Hit the Road, Jack – Tripping Along with Travel Writers

Weekend Wanderlust

By Jamie Hazlett
Sun Star Columnist

Let’s face it – traveling can be absurdly difficult.  When you have the money to travel, you generally don’t have the time.  Everyone has a dream vacation, be it to sandy beaches, windy mountaintops, or glitzy cities.  For the true trekkers out there, there’s no end to the places you’d like to see.  Regardless of your passport status, we all get the urge every now and again to escape, to run for the hills, to do different things in different places.  How, though, does one manage an escape to Tahiti or the Swiss Alps mid-semester?

The answer is cheap and as close-to-hand as the library – travel writing.  Travel writing has evolved from the stereotypical dry journal entries of explorers past into a genre that ranges from pure comedy to spiritual discovery.  It lets you sink into another place and time for little to no money, allows you to return anytime you want or need to without cavity searches, and can offer a taste of your next destination or a glimpse of a place you may never go to in real life.  Today there is such a wide selection of works available that you can find something to fit nearly any mood.

Consider, for instance, Polly Evans’ “It’s Not About the Tapas: A Spanish Adventure on Two Wheels.” This book chronicles the six-week bike trip of non-athlete, sort-of Spanish-speaking Evans’ through the Pyrenees and into southern Spain.  If Spain, biking, or bar food aren’t your thing, try out one of her other works, as she’s traveled the world and lived to write uproariously about it.  Alternately, do a little sleuthing of your own to find something that fits your fantasy.  Go to Amazon.com and type in “travel writing” followed by a place, activity or theme.  Pretty much any interest short of hula hooping is covered. F.Y.I.: I tried “travel writing hula hoop,” and much to my dismay, I found that no one has yet recorded their experiences swinging a bit of plastic tubing about their waist as they wandered across America.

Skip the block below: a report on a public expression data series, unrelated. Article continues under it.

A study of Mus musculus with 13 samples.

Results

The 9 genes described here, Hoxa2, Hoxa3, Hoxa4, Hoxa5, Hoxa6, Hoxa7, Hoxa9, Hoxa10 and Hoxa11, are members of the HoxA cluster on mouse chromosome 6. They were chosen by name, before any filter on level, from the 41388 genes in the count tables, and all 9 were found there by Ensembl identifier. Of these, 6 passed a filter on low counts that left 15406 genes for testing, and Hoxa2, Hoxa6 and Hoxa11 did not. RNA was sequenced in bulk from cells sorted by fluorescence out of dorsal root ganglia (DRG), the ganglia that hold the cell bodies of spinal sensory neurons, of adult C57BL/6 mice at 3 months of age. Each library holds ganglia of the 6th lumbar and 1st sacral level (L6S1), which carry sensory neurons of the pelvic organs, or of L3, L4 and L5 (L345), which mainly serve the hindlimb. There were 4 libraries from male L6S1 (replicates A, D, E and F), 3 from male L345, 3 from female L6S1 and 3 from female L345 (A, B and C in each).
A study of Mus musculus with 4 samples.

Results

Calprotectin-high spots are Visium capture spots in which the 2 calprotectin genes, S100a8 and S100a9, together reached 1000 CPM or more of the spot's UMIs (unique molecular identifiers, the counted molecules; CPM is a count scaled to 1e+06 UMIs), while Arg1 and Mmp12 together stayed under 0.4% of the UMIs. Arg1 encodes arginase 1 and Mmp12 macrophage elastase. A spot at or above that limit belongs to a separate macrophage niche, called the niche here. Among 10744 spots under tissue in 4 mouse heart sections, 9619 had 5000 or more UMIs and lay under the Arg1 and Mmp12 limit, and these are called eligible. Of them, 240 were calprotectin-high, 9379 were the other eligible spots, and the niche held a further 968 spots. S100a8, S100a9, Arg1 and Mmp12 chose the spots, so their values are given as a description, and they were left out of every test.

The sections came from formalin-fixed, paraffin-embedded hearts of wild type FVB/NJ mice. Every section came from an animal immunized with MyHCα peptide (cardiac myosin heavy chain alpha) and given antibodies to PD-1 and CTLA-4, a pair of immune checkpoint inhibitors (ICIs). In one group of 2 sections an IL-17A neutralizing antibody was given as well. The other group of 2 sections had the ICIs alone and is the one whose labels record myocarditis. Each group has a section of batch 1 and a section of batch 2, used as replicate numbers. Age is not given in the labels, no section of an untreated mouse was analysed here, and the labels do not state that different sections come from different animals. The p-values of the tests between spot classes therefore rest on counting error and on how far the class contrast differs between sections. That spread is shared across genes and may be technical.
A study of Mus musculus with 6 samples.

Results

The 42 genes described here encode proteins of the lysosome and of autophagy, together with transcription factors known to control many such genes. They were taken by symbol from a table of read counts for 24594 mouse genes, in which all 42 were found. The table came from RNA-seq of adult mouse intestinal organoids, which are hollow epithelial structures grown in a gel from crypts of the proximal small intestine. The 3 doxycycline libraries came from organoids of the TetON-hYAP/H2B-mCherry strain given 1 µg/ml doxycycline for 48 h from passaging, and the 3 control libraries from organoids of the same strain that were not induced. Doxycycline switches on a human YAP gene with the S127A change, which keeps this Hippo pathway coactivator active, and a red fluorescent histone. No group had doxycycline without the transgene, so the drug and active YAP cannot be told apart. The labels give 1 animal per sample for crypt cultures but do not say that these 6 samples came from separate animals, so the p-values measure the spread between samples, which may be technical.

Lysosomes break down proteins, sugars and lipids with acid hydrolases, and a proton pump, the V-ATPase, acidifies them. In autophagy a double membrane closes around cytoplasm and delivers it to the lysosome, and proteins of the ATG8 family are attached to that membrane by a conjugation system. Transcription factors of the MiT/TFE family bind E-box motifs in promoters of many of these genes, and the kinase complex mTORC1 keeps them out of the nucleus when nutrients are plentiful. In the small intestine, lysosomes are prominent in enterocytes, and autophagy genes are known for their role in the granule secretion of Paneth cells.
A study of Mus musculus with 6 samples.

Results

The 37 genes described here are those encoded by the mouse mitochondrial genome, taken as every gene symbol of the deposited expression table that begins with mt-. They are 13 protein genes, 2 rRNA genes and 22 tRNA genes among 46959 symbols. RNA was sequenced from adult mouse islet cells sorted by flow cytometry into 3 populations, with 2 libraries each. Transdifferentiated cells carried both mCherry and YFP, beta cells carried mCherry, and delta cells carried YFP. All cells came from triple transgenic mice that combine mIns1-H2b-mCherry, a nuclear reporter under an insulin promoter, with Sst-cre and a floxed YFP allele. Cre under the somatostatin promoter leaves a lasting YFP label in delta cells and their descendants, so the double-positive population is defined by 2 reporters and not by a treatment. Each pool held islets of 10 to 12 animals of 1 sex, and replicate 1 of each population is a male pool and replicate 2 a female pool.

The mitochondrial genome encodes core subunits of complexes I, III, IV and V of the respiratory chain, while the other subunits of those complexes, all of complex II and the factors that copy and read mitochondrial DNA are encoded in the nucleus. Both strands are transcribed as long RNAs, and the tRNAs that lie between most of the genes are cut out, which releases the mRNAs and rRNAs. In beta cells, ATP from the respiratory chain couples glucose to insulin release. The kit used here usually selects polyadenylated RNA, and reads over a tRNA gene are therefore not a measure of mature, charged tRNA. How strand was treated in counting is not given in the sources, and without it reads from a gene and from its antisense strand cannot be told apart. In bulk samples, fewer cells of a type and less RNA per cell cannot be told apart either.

You can add to your at-home adventure with some easy ambiance.  If you’ve picked up “In the Footsteps of Dracula: A Personal Journey and Travel Guide” for some light reading, light some candles (go with flameless candles on campus) and pour yourself a glass of red wine (if you’re of-age).  Kill the lights in your dorm room and you can look at the fake candlelight flickering off of your walls and imagine that you really are in Vlad the Impaler’s castle.  It probably won’t take all that much imagination, come to think of it.  If your read has a beach setting, do a quick search for ocean background noises online and mix up a mocktail.  Those of you favoring faux-holidays in polar climates need only pull up a chair outside to get really into “Cold: Adventures in the World’s Frozen Places,” which serves up several snippets featuring Fairbanks, as well as travel briefs and science-y bits about the world’s chillier destinations.  If you have enough imagination to get into a good book, you have enough to enhance the experience by altering your normal reading surroundings.

The point is, even if you’re eating three squares of ramen and typing this term’s English essays on last semester’s biology notes, you can afford to travel.  Your body doesn’t have to leave Fairbanks for your mind to visit far-flung destinations, and there’s no excuse for letting a cash-flow crisis restrict your ability to explore.  Next time you’re antsy, bored, or counting the days to spring break, swing by the library or head to the bookstore and crack open a good travelogue; your pocketbook (and perhaps your cabin-fever-plagued sanity) will thank you.